The full-year profit for SkyCity Entertainment Group, which recently won increased gaming concessions in Auckland and Adelaide, has fallen eight per cent.
It attributes the result, which misses estimates, to a flat result in New Zealand's biggest city and one-off benefits from the previous year which weren't repeated.
Shares of SkyCity fell as much as 4.9 per cent to $NZ3.90 as soon as trading opened on the NZX, before recovering to $NZ3.94.
Net profit fell to $NZ127 million ($A112.28 million) in the year ended June 30, from $NZ138.9m, a year earlier, the Auckland-based casino and hotel company said.
Sales fell 0.3 per cent to about $NZ948m.
Profit lagged behind First NZ Capital's forecast $NZ129.2m, while normalised profit, which strips out one-time items and other adjustments was $NZ136m, below the "about $NZ140 million" guidance SkyCity gave with its first-half results in February.
Chief executive Nigel Morrison listed one-time factors that boosted profit a year earlier, including $NZ4.7m from the 2011 Rugby World Cup, the sale last December of its 50 per cent interest in the Christchurch Casino and a higher win rate in the second half of the latest year.
In addition, he said, the benefits of strong growth in earnings from Darwin were eroded by the kiwi dollar's strength against its Australian counterpart.
The biggest achievements of the past 12 months, winning legislative approval from the South Australian State Parliament to expand its Adelaide complex and increase its gaming platforms, and gaining buy-in from New Zealand's government for similar concessions in exchange for building an Auckland convention centre, won't show up for some years.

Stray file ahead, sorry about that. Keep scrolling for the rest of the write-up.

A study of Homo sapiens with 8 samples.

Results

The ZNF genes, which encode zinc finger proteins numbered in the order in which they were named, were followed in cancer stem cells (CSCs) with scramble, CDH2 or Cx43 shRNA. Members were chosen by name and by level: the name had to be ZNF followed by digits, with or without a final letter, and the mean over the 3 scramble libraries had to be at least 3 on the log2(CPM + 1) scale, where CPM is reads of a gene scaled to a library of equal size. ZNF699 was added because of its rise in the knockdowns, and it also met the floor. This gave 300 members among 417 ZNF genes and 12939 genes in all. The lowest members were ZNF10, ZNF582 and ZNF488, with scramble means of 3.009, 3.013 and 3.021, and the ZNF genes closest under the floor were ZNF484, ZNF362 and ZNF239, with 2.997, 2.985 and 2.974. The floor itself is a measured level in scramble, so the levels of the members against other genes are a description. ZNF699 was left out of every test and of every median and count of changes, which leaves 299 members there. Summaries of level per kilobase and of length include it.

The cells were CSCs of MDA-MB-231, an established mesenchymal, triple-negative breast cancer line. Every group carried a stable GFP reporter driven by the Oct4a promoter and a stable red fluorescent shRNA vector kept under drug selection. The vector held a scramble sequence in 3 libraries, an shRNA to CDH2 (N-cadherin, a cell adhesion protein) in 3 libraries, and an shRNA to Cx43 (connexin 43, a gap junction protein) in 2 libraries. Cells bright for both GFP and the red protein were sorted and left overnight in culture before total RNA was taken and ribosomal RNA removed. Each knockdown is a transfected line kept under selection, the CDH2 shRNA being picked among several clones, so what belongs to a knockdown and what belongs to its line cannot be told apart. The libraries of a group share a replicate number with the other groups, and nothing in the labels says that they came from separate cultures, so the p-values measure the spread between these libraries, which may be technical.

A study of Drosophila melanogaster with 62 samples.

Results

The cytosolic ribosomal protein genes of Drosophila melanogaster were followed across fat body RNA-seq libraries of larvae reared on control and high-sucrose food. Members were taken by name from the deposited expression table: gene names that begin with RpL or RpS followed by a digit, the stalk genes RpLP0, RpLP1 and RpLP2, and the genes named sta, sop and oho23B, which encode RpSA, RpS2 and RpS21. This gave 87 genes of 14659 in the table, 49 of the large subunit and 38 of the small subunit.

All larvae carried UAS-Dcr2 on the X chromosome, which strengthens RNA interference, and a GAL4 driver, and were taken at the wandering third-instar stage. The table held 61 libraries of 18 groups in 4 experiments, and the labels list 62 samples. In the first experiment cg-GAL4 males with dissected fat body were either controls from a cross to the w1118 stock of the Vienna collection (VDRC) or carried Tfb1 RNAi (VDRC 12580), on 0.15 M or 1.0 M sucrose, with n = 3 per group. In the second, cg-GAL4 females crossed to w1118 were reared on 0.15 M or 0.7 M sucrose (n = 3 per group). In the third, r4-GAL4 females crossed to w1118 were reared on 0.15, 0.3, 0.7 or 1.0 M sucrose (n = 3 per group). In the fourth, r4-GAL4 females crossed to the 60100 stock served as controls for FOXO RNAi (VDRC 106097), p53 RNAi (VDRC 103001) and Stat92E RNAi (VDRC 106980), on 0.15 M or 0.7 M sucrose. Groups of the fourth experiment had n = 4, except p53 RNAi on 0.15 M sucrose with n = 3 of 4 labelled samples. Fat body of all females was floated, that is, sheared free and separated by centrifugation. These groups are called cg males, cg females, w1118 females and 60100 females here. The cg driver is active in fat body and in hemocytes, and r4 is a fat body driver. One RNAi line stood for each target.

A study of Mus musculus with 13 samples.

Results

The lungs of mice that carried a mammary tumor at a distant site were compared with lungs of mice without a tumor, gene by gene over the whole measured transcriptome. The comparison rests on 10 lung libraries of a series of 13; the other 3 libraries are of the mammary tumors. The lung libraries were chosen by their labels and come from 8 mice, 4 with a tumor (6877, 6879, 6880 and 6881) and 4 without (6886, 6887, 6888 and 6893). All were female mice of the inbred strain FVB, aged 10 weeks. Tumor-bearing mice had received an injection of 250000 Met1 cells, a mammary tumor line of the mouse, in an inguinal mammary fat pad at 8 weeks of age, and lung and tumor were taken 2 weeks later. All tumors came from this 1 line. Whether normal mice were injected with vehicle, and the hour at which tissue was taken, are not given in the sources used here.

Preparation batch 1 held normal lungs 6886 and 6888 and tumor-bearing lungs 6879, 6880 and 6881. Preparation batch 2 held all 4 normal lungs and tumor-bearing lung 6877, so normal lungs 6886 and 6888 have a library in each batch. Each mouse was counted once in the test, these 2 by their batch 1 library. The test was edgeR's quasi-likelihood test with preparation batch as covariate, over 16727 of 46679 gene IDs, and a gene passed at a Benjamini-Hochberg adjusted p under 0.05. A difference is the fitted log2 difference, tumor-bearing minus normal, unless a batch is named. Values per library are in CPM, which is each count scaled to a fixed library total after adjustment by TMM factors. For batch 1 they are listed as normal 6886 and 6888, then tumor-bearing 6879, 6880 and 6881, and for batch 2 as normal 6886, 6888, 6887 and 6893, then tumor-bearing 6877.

Both deals, which extend the company's gaming licences, were effectively clinched in July, after balance date.
Mr Morrison said the deals "will underpin the foundations of our long-term future growth".
In Auckland, the company's biggest operation, normalised earnings before interest, tax, depreciation and amortisation fell one per cent to $NZ210m.
"It was always going to be challenging to outperform Auckland's 2012 result," Mr Morrison said.
Darwin's revenue climbed 13 per cent to $A133.5m ($NZ152.62m) and Adelaide's was unchanged at $A160.4m ($NZ183.4m), which the company said was acceptable, "considering the economic climate in SA".